When I recently bought a new copy of Balzac and The Little Chinese Seamstress so I could write a review, it was because I had remembered loving the story when it was first published in 2001 and wanted people to “discover” it again. I thought this slim novel had been one of those books that found early hardcover success—it was an international and New York Times bestseller—but over time had lost its audience and disappeared. So you can guess how thrilled I was to find that it is in its thirty-eighth paperback printing and that a world of readers has found this book and loved it too. Still, you may never have read it so I am writing this review for you.
When people say to you, “this is a little gem of a book,” this is the kind of book they are talking about. But make no mistake—this isn’t a diamond-you-need-to-see-with-a-magnifying-glass kind of “little gem,” this is a five-carat emerald-cut diamond of beautiful writing and storytelling.
On the surface this is the story of two young men, the teenage sons of denounced enemies of the state, who have been sent to Phoenix of the Sky Mountain near Tibet to be reeducated during the Cultural Revolution—and the young Seamstress they meet and both fall in love with, one reciprocally and one jealously. They are sent to the mountain with a third outcast from Beijing, Four Eyes, who carries with him a secret suitcase of illegal Western novels.
Luo is the son of a dentist, who was denounced for, among other things, having boasted of fixing Chairman Mao’s teeth. Luo is also a fabulous storyteller, a skill that impresses the headman of their village so much he pays for Luo and the unnamed author to visit the nearest big town so that they can watch movies and come back to reenact “oral cinema shows” for the enjoyment of the townspeople. This respite of two days from the backbreaking work of their reeducation is a boon both boys relish. It is during one of their visits that they meet the beautiful Little Seamstress and their visits away from the village take on a completely new frisson of excitement.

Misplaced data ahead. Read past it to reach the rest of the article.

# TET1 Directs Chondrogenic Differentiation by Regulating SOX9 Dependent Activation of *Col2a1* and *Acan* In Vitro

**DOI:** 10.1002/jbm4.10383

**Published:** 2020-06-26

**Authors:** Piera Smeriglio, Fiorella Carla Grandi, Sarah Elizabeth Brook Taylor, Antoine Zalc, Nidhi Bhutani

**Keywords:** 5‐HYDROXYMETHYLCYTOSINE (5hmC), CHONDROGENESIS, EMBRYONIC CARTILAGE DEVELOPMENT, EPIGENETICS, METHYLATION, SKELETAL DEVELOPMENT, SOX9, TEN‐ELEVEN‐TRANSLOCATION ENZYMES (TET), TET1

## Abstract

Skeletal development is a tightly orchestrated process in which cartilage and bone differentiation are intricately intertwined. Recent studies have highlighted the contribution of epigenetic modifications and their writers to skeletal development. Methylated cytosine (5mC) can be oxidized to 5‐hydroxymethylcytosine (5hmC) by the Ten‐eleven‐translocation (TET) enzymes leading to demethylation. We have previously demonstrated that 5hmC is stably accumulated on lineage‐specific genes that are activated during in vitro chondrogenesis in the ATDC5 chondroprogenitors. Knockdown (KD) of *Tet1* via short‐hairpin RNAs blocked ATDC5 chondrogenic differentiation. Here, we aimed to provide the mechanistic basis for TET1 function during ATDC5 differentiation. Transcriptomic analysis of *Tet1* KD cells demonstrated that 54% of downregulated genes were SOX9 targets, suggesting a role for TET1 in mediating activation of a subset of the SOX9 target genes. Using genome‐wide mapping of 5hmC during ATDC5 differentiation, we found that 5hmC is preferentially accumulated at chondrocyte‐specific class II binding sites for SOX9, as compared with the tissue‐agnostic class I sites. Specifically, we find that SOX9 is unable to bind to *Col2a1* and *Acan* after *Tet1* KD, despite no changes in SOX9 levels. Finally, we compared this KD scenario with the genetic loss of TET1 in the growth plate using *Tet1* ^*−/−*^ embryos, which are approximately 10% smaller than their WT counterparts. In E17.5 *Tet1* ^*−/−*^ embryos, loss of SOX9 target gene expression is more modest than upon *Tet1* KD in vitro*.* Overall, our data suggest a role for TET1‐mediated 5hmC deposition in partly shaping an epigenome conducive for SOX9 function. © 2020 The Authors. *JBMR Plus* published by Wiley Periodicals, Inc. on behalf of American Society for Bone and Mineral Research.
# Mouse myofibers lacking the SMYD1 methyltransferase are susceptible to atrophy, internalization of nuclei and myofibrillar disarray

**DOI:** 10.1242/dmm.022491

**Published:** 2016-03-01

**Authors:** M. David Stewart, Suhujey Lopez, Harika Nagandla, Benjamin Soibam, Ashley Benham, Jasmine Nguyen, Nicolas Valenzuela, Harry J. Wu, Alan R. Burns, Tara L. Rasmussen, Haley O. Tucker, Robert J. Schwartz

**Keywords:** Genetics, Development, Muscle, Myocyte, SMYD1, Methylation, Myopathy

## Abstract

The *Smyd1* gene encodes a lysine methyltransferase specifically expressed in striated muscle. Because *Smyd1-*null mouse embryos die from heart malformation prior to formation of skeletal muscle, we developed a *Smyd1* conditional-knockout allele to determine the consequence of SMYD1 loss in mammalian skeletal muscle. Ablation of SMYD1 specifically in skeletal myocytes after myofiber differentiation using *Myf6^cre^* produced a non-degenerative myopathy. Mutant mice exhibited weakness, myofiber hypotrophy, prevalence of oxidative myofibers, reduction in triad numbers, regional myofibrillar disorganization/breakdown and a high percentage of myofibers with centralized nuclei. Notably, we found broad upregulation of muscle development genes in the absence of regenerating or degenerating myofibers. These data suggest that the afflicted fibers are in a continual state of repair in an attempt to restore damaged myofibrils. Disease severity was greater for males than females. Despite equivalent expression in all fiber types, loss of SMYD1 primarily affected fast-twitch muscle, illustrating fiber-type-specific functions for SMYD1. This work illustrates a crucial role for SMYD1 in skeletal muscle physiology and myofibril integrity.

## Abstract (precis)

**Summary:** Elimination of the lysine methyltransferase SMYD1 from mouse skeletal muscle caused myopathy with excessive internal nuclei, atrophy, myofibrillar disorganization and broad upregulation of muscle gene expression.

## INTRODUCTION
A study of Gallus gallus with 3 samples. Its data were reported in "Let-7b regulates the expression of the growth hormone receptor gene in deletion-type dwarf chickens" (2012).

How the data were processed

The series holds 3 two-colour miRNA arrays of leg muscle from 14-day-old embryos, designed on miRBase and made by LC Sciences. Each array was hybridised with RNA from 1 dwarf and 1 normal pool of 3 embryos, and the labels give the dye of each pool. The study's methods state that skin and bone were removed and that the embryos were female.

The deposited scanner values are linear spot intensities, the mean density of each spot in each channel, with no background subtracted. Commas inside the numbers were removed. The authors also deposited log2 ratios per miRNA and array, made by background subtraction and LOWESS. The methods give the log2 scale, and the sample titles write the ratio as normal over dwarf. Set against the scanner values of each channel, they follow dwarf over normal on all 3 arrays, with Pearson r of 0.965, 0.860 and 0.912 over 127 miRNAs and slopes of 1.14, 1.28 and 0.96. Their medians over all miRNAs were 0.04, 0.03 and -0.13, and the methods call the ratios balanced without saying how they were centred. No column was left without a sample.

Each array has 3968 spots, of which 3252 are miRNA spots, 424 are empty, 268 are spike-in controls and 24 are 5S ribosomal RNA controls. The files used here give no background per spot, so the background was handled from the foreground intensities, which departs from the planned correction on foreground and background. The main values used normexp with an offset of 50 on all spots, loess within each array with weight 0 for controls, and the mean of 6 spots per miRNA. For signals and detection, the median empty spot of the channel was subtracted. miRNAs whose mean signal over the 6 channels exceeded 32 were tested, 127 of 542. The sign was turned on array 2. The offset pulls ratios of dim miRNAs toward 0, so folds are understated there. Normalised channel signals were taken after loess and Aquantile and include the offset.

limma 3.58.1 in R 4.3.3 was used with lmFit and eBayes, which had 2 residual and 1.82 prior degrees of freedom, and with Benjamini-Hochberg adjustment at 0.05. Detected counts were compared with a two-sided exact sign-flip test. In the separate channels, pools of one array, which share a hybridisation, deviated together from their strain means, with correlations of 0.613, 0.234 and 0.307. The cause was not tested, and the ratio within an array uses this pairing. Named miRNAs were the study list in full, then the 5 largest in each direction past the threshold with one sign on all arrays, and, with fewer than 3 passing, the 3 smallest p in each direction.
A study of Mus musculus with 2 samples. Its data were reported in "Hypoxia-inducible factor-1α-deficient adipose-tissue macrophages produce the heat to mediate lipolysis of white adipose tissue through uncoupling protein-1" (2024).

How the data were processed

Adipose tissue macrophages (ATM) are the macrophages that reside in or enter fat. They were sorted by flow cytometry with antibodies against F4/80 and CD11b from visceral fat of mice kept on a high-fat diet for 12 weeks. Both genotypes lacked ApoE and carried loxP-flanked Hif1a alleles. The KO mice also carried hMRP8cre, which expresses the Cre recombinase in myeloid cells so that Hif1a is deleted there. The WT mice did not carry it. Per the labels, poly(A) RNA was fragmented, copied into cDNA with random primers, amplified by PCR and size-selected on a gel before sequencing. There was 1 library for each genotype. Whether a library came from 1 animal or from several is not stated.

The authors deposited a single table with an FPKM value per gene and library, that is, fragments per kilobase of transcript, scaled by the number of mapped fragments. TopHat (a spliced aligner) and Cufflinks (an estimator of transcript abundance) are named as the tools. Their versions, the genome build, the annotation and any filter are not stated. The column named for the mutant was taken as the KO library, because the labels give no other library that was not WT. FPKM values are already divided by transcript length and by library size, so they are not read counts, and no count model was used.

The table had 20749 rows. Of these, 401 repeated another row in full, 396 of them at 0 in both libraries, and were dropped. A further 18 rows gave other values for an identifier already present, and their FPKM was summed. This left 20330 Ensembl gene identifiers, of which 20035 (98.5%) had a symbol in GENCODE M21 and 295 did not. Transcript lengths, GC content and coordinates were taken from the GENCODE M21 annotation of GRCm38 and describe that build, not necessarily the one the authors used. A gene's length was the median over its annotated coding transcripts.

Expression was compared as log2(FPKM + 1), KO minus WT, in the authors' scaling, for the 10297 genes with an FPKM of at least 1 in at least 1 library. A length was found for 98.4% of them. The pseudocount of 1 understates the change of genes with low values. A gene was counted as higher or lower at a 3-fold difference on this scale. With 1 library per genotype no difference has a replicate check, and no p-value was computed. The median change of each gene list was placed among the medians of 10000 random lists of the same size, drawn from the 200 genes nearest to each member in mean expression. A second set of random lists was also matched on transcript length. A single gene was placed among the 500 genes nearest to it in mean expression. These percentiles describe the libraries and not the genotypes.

At some point, and it’s wonderful how it happens, they come into possession of Four Eyes’ suitcase of novels and they discover the beauty of reading—the author for the joy of it, Luo so he can impress and educate the Little Seamstress.
Neither of them could ever anticipate the outcome of their endeavors but what happens is so unexpected and yet so satisfying an ending you can’t help but be happy.
The story is deceptive in its simplicity. The author, in his quiet beautiful way, seems to tell a straightforward tale about three young people but as you read you are taken deeper into the mountain and into the hearts of the characters and realize that everyone involved is getting a re-education – just not the one the State expected.
This is a book about growing up and the choices that you face and must make as the adult world demands more of you. It is also a book about the cost of freedom, the definition of love, the deep connections of friends and family, and the importance of courage, but mostly it is about the joy of reading, of discovering authors and stories that take you out of your own life and let you dream of worlds and possibilities greater than your surroundings, that let you see a world you can make come true.